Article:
Workforce training courses move workers up and into jobs

10.07.2015 | By Jeannie Peng-Armao

Lynn Hobbs, a project manager and master electrician for Austin Industrial, often hears of the problems employers face when trying to find the right people who possess skills in the craft trades. This is why she has gone back into the classroom at San Jacinto College to teach those who are new to industry and to help current workers upskill.

"There's just a lack of crafts people," said Hobbs. "There was the big university push, and everyone sort of diverted off and stayed away from the craft trades. The jobs are not going to get done if we don't have the people to do them."

Workers with skills from across all craft trades are in such high demand that employers like Turner Industries Group, LLC, visit community colleges for recruitment.  

"We are happy that San Jacinto College listens to our concerns," said Carla Thompson, workforce development coordinator with Turner Industries. Thompson serves as a master trainer for National Center for Construction Education and Research (NCCER) courses, supports job sites for training, and works with journeymen to help them gain certifications to meet the needs of clients. Turner Industries has hired students out of the San Jacinto College craft trades certification courses.

“On-the-job experience plus the community college NCCER classes can speed up the process to become a successful journeyman,” she said. “Doing so opens positions for entry-level employees to enter the industry."

This is exactly what Dustin Richardson, an electrician helper with Triad Electric and Control, is working on by attending classes at night and working during the day. Richardson is completing a series of 16-week electrical courses in the College's applied technologies and trades program, offered through the noncredit Continuing and Professional Development division.

"There are electrician jobs everywhere, residential and in the plants," said Richardson. "If you go to school, you can advance yourself with the certifications. A journeyman can make $30-50 an hour. My company already said that once I get my certification, then I can bump up in pay."

Next door to Richardson's class, a pipefitting class takes place each Monday and Wednesday evening, where Jose Medina and Edgar Rodriguez are training to upskill. Rodriguez is a pipefitter training to advance his pay and move up in his career. Medina is a boilermaker who wants to hold skills in more than one area to become more marketable to employers. This career move is proving to be smart for many as employers take an even closer look at people with multiple skill sets.

“It’s important to come here to better ourselves,” said Medina. “There are a lot of jobs out there for just about every craft trade, but many employers are looking for pipefitters.”

Community colleges like San Jacinto College are offering more of these types of courses on demand, with requests from industry, in both the credit technical education side and the noncredit division. Courses cater to those who are new to craft trades, incumbent workers, the unemployed or underemployed. Classroom to certification time can range from 16 weeks to one year. Many of the noncredit courses are linked to credit courses, allowing a person the option to further his or her training and credentials to include an associate degree.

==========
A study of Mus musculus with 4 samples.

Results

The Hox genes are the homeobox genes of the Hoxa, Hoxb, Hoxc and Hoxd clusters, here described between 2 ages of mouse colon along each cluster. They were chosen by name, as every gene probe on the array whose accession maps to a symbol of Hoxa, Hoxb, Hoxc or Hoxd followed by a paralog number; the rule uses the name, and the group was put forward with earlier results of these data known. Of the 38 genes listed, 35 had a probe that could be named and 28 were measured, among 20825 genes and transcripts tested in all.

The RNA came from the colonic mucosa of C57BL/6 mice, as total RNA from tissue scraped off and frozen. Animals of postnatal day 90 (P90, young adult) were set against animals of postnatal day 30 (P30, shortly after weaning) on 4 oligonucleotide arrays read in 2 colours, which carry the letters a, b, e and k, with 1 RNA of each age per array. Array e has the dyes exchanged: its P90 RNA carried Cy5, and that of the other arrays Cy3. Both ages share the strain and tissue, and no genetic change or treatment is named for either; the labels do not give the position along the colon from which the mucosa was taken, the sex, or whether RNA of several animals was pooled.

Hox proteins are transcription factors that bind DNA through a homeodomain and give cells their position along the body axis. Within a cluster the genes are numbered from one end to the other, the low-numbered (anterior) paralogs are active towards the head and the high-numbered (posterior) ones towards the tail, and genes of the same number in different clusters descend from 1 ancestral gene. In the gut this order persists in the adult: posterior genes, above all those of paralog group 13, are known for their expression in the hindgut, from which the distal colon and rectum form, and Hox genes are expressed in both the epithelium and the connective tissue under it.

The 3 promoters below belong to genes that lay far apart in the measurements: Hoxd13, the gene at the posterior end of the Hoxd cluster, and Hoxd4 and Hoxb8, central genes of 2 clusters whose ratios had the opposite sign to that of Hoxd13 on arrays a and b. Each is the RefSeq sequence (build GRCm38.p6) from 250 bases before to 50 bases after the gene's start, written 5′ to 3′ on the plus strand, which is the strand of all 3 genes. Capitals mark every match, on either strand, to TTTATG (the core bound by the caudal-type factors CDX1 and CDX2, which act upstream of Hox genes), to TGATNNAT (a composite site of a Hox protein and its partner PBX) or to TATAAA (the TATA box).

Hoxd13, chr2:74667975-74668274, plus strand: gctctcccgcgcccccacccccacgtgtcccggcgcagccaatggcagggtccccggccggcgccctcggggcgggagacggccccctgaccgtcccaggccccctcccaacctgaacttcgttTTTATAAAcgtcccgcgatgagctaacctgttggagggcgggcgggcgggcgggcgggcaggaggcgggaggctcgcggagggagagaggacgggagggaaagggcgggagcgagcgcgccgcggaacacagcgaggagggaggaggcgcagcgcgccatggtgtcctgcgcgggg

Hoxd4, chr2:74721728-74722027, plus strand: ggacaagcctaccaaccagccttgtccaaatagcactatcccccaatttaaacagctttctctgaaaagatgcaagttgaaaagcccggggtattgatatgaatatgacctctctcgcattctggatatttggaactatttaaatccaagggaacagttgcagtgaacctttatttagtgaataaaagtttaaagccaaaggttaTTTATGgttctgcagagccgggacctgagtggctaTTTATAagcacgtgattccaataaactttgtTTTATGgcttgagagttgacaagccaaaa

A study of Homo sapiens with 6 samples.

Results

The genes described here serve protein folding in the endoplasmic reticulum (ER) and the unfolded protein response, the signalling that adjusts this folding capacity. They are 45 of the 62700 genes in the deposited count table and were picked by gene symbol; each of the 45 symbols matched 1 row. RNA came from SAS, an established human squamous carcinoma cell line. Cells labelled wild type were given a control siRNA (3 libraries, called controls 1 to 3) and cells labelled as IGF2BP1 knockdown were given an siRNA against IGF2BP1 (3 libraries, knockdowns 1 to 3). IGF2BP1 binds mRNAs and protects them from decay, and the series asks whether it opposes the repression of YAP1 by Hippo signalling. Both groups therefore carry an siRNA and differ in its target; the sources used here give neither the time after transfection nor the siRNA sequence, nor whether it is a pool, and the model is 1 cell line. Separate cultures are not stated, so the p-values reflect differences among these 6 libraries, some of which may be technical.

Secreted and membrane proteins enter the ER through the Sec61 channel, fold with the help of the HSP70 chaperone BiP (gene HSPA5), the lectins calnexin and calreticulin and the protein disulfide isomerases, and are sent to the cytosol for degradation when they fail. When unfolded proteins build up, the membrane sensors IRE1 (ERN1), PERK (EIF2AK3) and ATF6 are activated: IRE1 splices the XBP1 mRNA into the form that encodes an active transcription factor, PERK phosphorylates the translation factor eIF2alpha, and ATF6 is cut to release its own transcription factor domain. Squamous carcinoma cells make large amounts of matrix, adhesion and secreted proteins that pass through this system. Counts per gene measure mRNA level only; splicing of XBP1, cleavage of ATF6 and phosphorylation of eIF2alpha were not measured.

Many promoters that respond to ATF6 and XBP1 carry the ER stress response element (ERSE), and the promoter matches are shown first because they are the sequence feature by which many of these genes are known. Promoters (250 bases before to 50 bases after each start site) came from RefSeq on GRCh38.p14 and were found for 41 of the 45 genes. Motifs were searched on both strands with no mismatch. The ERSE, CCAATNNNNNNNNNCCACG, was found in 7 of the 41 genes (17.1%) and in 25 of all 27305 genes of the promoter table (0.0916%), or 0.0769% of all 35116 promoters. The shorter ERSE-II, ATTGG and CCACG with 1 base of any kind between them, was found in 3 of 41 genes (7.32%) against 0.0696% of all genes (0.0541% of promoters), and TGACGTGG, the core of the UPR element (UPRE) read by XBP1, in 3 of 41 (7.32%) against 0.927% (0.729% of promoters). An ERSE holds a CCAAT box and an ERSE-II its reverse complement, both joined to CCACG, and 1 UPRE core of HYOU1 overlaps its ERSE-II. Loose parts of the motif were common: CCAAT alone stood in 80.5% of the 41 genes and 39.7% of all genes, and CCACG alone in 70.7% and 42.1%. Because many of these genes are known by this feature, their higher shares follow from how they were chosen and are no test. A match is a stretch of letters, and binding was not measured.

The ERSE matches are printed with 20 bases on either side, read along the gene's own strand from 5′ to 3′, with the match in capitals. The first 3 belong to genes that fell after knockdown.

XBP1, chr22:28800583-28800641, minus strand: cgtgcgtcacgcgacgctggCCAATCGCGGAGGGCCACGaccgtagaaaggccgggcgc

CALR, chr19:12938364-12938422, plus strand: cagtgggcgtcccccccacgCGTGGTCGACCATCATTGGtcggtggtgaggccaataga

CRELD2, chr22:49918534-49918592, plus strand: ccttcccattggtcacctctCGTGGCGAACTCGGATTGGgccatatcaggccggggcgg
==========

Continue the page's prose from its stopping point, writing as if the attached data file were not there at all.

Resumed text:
"This is what makes today's training programs unique," said Dr. J.D. Taliaferro, director of applied technologies and trades at San Jacinto College. "We have an entire group of directors from all sectors who go to companies in a variety of industries and identify their workforce needs."

Dr. Taliaferro noted that the College's upcoming millwright training, in current development, is an example of courses that have resulted directly from industry requests. Another course in development is to train machinists, a prelude to the computer numerical control (CNC) courses already offered at San Jacinto College.

"Years ago, the applied technologies and trades program started with just sheet metal and welding training, and this has now evolved to include a variety of craft trades," said Taliaferro. “We listened to industry, and we’re now in the business of finding solutions to their workforce shortage by giving people industry-recognized certifications to enter into a craft trade career and continue to upskill after they are on the job.”

About the Continuing and Professional Development division
This division at San Jacinto College provides continuing education and training for both current and future employees in the professional and technical job sectors, as well as provides the public with noncredit open enrollment course options to enhance their lives. Professional and technical training is available through contract training, open enrollment, and grant funding. For more information, call 281-476-1838 or visit the Continuing and Professional Development division website.

About San Jacinto College

Surrounded by monuments of history, industries and maritime enterprises of today, and the space age of tomorrow, San Jacinto College has been serving the citizens of East Harris County, Texas, for more than 50 years. As an Achieving the Dream Leader College, San Jacinto College is committed to the goals and aspirations of a diverse population of approximately 30,000 credit students. The College offers 186 degrees and certificates, with 46 technical programs and a university transfer division. Students benefit from a support system that maps out a pathway for success, and job training programs that are renowned for meeting the needs of growing industries in the region. San Jacinto College graduates contribute nearly $690 million each year to the Texas workforce.

For more information about San Jacinto College, please call 281-998-6150, visit www.sanjac.edu, or follow us on Facebook and Twitter.